Release Date: April 21, 2016
Systems: PC, PS4
Number of Players: 1-6
Steam Review: Overwhelmingly Positive
Don't Starve Together, the multiplayer successor to Don't Starve, describes itself as an "uncompromising survival game" on its Steam store page. After sitting down with this game for a couple of hours, "uncompromising" is definitely the word for this experience.
Before entering the game world, there are a variety of characters and gameplay styles to choose from. Each character has strengths and weaknesses; I played as the robot, who is weak to water and “isn’t a picky eater”. One of my partners played as a Firestarter character, as making fire is an incredibly important part of the game. With our characters chosen, we had to select a gameplay mode. For our first experience with Don’t Starve, we picked the “Endless” mode. Players can die and respawn over and over again with only minor penalties.
The player and friends are spawned in a world with a striking visual style and varied resources. Gameplay is in third person from above, allowing the player to see quite a bit of the landscape around them. Various constructed items are needed for survival as players race against the ticking clocks of their hunger and "sanity" meters. Players can work together to harvest supplies such as food and raw materials. Food must be consumed on a regular basis to avoid starvation (duh). Many different NPCs roam the land, representing both a source of resources and potential danger. A day and night cycle regulates player activities. Early on, nothing can be done at night except huddling around a campfire and fending off fire-stealing shadows.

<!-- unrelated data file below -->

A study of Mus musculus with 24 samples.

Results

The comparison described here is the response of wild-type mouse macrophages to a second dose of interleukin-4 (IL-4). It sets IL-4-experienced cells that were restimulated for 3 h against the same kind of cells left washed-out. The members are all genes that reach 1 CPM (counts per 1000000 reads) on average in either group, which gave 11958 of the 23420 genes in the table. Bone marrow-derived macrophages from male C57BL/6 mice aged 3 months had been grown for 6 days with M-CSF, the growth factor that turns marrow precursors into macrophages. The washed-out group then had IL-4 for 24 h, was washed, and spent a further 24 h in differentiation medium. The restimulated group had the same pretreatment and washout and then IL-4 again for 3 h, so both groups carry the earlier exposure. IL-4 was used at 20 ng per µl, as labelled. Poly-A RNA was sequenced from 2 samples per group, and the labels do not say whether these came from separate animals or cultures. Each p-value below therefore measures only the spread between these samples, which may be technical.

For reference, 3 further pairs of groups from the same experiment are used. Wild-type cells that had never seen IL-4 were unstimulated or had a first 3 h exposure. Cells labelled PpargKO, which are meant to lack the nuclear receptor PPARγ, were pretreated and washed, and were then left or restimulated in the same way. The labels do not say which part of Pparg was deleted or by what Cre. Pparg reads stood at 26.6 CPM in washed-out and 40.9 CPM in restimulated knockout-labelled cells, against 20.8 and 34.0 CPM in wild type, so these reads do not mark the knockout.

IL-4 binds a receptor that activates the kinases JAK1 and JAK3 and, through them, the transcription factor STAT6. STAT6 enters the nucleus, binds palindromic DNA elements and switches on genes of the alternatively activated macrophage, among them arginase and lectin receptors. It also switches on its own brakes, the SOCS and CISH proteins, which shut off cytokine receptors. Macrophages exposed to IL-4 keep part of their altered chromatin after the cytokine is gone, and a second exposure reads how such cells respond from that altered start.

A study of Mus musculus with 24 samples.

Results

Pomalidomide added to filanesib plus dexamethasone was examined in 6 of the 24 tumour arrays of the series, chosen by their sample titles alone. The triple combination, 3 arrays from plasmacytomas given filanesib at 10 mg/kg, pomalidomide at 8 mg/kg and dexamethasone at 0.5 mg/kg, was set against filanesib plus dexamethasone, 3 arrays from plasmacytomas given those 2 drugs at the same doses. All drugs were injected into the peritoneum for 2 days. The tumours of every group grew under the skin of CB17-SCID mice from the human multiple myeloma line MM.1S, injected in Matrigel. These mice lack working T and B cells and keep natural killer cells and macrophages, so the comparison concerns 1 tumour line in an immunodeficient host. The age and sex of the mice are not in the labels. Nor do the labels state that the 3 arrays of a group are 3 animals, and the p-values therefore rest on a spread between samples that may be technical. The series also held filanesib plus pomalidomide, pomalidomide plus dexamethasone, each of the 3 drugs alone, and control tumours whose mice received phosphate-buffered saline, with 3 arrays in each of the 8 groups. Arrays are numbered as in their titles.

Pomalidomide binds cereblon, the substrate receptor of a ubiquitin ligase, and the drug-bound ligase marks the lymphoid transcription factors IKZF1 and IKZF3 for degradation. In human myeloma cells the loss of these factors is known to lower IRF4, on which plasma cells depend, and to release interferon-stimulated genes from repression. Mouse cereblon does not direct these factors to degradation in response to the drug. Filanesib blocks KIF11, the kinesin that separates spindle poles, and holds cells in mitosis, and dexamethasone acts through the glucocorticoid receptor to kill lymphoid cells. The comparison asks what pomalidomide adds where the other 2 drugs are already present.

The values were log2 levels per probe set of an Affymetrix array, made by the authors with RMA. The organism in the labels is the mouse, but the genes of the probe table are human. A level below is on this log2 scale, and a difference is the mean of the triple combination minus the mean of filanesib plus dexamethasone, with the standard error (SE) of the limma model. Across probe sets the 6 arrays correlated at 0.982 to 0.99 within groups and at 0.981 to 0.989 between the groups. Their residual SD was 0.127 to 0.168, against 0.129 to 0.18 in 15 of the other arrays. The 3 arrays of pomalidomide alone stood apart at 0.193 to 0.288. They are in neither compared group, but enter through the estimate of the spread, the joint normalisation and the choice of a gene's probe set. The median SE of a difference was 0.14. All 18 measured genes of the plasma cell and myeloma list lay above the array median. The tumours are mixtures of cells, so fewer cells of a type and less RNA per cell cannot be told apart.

In the beginning, our group began by picking up pretty much everything we were able to and harvesting whatever readily available resources we encountered. We quickly discovered that characters will die fairly quickly of hunger, so many of our activities were focused on gathering whatever we could find to eat. We also quickly began to go “insane”, which was an interesting feature of the game that added a lot of atmosphere. As players walk around, spectral shapes can be seen roaming the landscape, but they cannot be interacted with. Certain player actions take points from your sanity or intelligence meter; as the meter goes down, these shapes become more real. The world becomes darker, and your character becomes noticeably distressed. Eventually, the formerly shadowy monsters are able to attack and even kill the player.
Full disclosure: I only played two hours of this game, so I most certainly only got the introductory experience. If you are looking to sit down and play for a short session of gaming, this likely isn't the game for you. Without a knowledgeable guide, figuring out the crafting, combat, and health system can be confusing. However, players can quickly gain an understanding of gathering materials and begin to explore the world around them. With more time and resources, more advanced structures and combat items can be built, making interactions with enemies significantly less stressful. If you enjoy spending time gathering resources, crafting better items, and building a home base, then there is a lot that this game has to offer you.